05 January 2011

SBY and the English Language...


It has been a while since I have felt like writing a post about SBY, but not being one to pass up an opportunity to "bang on" about what a fraud the man has turned out to be as president, I figure that this story is as good as any to get started on. The president's spokesperson for international affairs, Teuku Faizasyah, has had to defend the president's use of English in a speech to an Indonesian audience at the Stock Exchange building recently.

There are a few legal issues to be considered here in light of Law No. 24 of 2009 (which you can read about here). However, in a more practical sense the real issue is why does the president need to use English at all in the context of a speech on the economy to an Indonesian audience? Admittedly, there will be the odd loan or borrowed term from English that is similar or even the same in Indonesian. Yet, on the whole, most English words, even some of the loan and borrowed ones, have Indonesian equivalents.

But back to the gist of the story, according to Faizasyah, the president felt the need to use English as a means of clarifying some difficult economic concepts. Now, with all due respect, he is making a speech at the stock exchange and on the whole the majority of those employed there are going to have a whole lot more knowledge of all things economy-related than the president. So, exactly what was he trying to clarify? The idea that the speech was intended for a broader audience is not borne out by those in attendance.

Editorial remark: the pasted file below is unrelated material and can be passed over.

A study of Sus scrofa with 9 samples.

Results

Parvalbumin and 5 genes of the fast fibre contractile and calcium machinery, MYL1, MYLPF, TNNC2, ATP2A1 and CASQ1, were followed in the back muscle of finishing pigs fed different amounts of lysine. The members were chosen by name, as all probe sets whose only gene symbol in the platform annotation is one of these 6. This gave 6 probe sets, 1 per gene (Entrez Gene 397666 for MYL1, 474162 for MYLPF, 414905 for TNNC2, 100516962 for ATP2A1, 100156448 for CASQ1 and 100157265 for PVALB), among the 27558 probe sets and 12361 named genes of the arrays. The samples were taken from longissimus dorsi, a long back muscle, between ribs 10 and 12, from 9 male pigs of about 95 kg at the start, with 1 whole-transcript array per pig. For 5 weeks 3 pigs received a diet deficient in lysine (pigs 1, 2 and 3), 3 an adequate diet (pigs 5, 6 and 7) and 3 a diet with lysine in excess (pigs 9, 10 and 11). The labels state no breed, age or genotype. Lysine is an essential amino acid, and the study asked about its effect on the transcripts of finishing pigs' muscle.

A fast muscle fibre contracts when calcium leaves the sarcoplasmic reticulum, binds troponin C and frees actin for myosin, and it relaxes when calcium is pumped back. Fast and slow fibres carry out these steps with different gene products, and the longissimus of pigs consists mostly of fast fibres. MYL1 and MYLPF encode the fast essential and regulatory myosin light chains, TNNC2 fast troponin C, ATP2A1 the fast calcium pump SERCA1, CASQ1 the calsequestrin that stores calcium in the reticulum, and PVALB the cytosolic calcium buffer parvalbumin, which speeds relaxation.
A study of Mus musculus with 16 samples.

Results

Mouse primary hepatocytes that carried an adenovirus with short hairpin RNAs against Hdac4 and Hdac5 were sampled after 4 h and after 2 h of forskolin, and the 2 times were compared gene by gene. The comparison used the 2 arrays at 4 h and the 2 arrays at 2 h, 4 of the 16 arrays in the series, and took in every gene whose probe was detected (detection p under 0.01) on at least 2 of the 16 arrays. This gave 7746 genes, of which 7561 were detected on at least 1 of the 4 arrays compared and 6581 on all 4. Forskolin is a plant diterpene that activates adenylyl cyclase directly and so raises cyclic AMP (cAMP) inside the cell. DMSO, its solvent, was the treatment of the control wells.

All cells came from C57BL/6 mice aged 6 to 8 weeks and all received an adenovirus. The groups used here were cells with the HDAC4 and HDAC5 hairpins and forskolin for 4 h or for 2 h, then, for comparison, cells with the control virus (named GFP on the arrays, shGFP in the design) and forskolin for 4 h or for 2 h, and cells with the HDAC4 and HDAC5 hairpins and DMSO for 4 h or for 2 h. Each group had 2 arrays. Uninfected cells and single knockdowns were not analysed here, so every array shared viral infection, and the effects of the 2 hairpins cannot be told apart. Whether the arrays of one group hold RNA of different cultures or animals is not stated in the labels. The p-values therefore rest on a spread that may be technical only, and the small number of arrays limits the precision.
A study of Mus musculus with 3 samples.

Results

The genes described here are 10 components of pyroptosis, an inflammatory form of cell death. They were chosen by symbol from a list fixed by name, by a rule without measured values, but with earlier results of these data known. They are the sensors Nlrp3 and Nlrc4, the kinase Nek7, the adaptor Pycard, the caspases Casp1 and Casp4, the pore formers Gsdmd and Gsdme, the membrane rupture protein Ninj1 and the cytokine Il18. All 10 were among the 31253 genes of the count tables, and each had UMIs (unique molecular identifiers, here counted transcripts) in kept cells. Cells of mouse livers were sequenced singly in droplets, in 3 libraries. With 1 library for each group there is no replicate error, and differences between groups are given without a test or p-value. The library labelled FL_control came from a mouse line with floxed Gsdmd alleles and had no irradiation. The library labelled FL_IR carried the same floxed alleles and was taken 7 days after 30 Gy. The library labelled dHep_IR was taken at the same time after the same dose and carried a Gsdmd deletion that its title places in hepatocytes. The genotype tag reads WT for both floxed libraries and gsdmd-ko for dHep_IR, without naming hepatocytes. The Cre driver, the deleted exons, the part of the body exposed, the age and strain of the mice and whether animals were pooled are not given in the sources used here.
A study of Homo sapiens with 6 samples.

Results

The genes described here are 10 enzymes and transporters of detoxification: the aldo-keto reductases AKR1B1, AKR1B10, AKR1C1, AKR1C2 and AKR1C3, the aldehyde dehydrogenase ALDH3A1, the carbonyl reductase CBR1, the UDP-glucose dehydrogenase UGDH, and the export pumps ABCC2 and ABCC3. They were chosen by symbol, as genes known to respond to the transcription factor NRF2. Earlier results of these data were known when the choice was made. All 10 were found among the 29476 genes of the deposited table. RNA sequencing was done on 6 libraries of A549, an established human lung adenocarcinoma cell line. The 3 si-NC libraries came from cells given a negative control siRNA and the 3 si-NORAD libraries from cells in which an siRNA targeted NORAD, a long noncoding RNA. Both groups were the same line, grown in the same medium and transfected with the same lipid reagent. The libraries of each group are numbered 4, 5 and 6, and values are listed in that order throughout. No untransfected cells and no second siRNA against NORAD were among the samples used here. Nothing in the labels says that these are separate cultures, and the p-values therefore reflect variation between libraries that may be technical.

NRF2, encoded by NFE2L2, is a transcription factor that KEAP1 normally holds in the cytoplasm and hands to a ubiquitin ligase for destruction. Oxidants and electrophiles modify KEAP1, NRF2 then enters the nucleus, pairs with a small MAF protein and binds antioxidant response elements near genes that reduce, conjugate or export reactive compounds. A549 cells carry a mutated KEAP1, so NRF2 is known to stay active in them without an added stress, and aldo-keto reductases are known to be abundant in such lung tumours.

The majority of the speech was in Indonesian and some English words were thrown in. So, to suggest that the words were used to remind people of the foreign roots of the concepts is a furphy at best. At worst it suggests that Indonesia is behind the game when it comes to all things economy-related and therefore the English has to be used. If I was Indonesian, I would probably be offended with the suggestion that I was not as smart as those economists in the West.

Perhaps the real reason that the president uses English in these speeches is that he feels that he is intellectually inferior to his audience and he is trying to mask that intellectual inferiority by pretending to be knowledgeable in the use of the English language.

Or maybe he is angling for a job on the world stage. After all, it was not all that long ago that the Indonesian Democrat Party was suggesting that the president was a serious contender for the job of United Nations Secretary General. So, maybe the use of English is an attempt to convince people that he really is an international statesman.

In any event, there does not appear to be a legitimate or even an arguable, reason for the president to use English in the speech he gave at the Indonesian Stock Exchange.

I wonder if in hindsight Indonesians are beginning to wonder whether SBY was the right choice for a second term as President of the Republic of Indonesia?